History of Letters
Pictographs are assumed to be the beginning of most alphabets. A pictograph is a symbol that is a simplified picture of an object. So it’s a picture? Uh-uh.
So, why do Throg’s ancient charcoal scrawlings qualify as a pictograph, while Gak’s is just a funky stick figure? The distinction is sometimes hard, but it has to do with simplification, standardization and repetition. Pictographs are agreed-upon shorthand drawings. While primitive, they actually proved useful in the face of many linguistic barriers. They also marked the end of prehistory.
Here are ancient pictographs for ox and mountains. Clearly these are simple pictures of the actual things that they represent.
The ideograph above combines the ox and mountain pictographs to symbolize the idea of a wild ox, as opposed to a herded one. It’s not just a literal representation of an ox running free in the mountains.
The last example above, of the pictographs of the sea and the sun, is a rebus. The phonetic sound of each “word” of the rebus is put together to make a new compound word: seasons.
Written language gained sophistication with the advent of the ideograph, two or more pictographs joined together to form a meaning different from that of their individual parts. They opened the door to action and subjective ideas rather than just noun representations of things.
Next in the evolution is a rebus (pronounced reebus)—the formation of phonetic combinations from symbols that meant something entirely different. This is closer to the writing system we’re used to: letter symbols representing sounds that form words which then convey meaning.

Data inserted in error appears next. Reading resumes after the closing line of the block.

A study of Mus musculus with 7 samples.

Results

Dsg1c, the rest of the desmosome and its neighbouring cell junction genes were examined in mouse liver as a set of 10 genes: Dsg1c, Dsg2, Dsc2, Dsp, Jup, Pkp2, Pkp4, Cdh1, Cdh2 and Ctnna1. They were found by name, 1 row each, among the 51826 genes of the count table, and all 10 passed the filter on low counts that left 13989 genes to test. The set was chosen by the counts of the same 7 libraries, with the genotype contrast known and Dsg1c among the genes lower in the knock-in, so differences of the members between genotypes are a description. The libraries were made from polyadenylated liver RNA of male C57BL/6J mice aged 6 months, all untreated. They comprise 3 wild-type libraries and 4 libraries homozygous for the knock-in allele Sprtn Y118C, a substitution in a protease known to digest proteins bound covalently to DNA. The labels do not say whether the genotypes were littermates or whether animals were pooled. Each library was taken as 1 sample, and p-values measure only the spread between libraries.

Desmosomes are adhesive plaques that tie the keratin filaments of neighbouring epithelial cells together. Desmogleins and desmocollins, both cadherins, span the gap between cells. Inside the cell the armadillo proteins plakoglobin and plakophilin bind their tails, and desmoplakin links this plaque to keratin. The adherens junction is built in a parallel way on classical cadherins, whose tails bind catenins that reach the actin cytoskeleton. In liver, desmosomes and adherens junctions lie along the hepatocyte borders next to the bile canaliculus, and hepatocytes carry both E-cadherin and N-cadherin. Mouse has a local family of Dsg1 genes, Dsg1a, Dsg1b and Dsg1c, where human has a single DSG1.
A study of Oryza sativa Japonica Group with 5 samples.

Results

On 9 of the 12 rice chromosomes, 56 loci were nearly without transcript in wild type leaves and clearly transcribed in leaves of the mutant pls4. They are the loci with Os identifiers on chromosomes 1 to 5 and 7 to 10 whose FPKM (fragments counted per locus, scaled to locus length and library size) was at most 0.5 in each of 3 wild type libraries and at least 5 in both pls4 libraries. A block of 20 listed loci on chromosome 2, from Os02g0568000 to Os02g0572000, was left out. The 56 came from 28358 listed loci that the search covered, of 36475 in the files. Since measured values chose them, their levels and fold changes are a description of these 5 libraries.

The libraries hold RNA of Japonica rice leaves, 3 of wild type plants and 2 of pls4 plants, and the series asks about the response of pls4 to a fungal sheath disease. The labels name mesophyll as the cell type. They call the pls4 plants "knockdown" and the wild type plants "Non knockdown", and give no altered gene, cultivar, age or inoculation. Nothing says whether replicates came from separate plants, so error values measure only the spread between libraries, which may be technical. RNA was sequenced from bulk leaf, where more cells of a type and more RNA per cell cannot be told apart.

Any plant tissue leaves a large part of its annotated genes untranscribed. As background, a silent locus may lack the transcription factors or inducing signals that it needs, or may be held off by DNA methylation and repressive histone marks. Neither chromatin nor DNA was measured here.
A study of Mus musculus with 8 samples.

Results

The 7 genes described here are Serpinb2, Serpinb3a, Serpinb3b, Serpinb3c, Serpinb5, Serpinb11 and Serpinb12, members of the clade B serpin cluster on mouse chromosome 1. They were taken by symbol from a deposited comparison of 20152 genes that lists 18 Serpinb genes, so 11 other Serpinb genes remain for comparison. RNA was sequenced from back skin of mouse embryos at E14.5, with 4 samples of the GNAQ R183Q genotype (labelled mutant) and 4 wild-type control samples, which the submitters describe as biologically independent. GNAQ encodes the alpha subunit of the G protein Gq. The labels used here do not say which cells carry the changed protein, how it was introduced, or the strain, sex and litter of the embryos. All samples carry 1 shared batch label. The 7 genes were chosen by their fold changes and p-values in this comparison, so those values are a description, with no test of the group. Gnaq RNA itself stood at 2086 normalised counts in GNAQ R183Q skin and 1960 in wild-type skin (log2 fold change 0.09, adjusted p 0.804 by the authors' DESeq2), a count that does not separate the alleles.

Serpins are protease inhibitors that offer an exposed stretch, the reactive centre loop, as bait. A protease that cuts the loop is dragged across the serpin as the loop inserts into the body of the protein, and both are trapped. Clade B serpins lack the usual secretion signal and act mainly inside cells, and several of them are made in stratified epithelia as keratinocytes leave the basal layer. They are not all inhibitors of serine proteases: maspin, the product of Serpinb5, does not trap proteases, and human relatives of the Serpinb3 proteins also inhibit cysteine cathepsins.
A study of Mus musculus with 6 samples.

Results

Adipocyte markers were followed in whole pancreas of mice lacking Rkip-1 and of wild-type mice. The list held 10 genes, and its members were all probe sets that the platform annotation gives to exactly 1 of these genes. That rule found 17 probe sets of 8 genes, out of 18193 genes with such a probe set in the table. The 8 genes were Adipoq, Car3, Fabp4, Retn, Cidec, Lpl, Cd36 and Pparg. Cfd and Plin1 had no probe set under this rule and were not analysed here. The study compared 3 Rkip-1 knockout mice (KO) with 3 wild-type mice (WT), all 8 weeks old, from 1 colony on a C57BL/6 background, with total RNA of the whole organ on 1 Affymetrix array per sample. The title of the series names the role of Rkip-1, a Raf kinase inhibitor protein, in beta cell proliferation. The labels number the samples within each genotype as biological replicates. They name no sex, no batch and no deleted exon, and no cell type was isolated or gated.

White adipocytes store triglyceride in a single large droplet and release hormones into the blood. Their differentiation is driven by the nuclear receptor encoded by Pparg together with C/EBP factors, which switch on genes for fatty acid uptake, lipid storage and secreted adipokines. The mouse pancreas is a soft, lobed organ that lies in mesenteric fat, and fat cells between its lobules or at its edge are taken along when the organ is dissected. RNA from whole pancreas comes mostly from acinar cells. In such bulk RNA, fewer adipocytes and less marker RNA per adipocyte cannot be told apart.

You can see here the evolution of two symbols starting as pictographs, which were then turned on their side as a step in the evolution of the writing system, then made more abstract in Cuniform and then almost unrecognizable in Assyrian.
An important thing to remember is that every system of writing ever devised was preceded by spoken language. The letter exists to serve the lip.
The Oldest Known Advertisement
An interesting relic of design and marketing history survives in the ruins of the ancient city Ephesus, once capital of Roman-controlled Asia, in what is now known as Turkey.
Get ready for a large dose of irony: The world’s oldest known advertisement is for the world’s “oldest profession.” The ad is a carving in the marble pavement outside a brothel, nearly 2,000 years old. It shows a footprint pointing the way, along with some images clarifying what it is pointing to. Step right up!
Near the carving, some partial text could also be found, which actually translates as, “You deserve a break today … so get up and get away….” Possibly additionally providing us with the oldest recorded jingle. It is truly strange that you could easily throw those words against a modern tune and run it in a commercial today.